Yeha, that's very old. You have two choices, rent one from Comcast (are you doing that now?), or buy your own.
When you rent, you don't get a choice of model usually, they just give you what they have that's supported and works. If the modem dies, they just give you a new one, etc. Cost is about $7 per month.
If you buy your own, you don't pay the $7 per month, but you do have to buy the modem outright somewhere, and that ranges from $30 to $90, depending on model. Personally, I would only recommend a DOCSIS 3.0 modem to give you the longest usable lifetime, but those are the more expensive models as well, usually $80-$90. I like the Motorola SB6120 (I have one here), Amazon sells it for $87. The Zoom 5341 is aout $82 over at Amazon, etc. You can look around and find slightly cheaper prices, but not by much which is why I usually stick with Amazon or Newegg. Your modem would pay for itself in about a year with saving the $7/mo rental charge. Older DOCSIS 2.0 modems are still supported by Comcast and work with the ~20Mbps speed tiers and are cheaper, like the Linksys/Cisco CM100 for around $30-40, but they will not work with the new fast tiers and they will be obsolete sooner than the DOCSIS 3.0 modems.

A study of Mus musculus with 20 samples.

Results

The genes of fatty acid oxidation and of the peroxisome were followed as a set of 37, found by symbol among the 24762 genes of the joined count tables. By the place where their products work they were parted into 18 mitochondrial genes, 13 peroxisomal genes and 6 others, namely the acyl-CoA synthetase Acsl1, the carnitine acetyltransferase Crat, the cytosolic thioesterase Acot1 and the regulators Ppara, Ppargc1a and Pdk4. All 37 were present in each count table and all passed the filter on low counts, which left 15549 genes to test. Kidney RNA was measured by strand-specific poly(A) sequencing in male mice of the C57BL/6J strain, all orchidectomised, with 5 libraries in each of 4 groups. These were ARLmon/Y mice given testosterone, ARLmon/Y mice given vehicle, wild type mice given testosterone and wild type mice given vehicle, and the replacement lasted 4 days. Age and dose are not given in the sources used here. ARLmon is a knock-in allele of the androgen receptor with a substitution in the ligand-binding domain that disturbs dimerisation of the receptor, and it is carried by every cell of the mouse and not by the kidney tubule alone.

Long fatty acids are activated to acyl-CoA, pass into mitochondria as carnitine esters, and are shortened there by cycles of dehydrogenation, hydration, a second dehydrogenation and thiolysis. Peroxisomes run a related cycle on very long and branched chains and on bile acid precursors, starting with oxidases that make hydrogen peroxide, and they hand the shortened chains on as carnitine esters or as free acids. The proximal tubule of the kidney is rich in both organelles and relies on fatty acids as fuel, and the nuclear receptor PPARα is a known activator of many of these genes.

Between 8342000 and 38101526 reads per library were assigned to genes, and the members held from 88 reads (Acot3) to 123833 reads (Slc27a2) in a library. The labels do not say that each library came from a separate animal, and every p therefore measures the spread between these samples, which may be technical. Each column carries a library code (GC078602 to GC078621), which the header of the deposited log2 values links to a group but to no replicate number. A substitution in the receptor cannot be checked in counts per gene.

So you have to consider the monthy charge vs buying it outright, and also the risk that if it goes bad at some point you will have to buy or rent a replacement. Personlly, I think it's worth the risk since these devices are pretty reliable as long as you don't have local power issues which can fry them if they aren't protected adequately. Typical life on a modem is 3-5 years and you can save yourself upwards of $80-$90/yr in rental fees. And consider the fee will likely go up in the future, which will save you even more.
You do have to call and get your modem registered if you go the own route, you can't simply plug it in and away you go. Some places will allow you to do a self-registration, but that doesn't always work. Calling to register the modem usually takes about 10-15 minutes if you get a competent tech, just make sure you ahve the serial number and HFC MAC address when you call.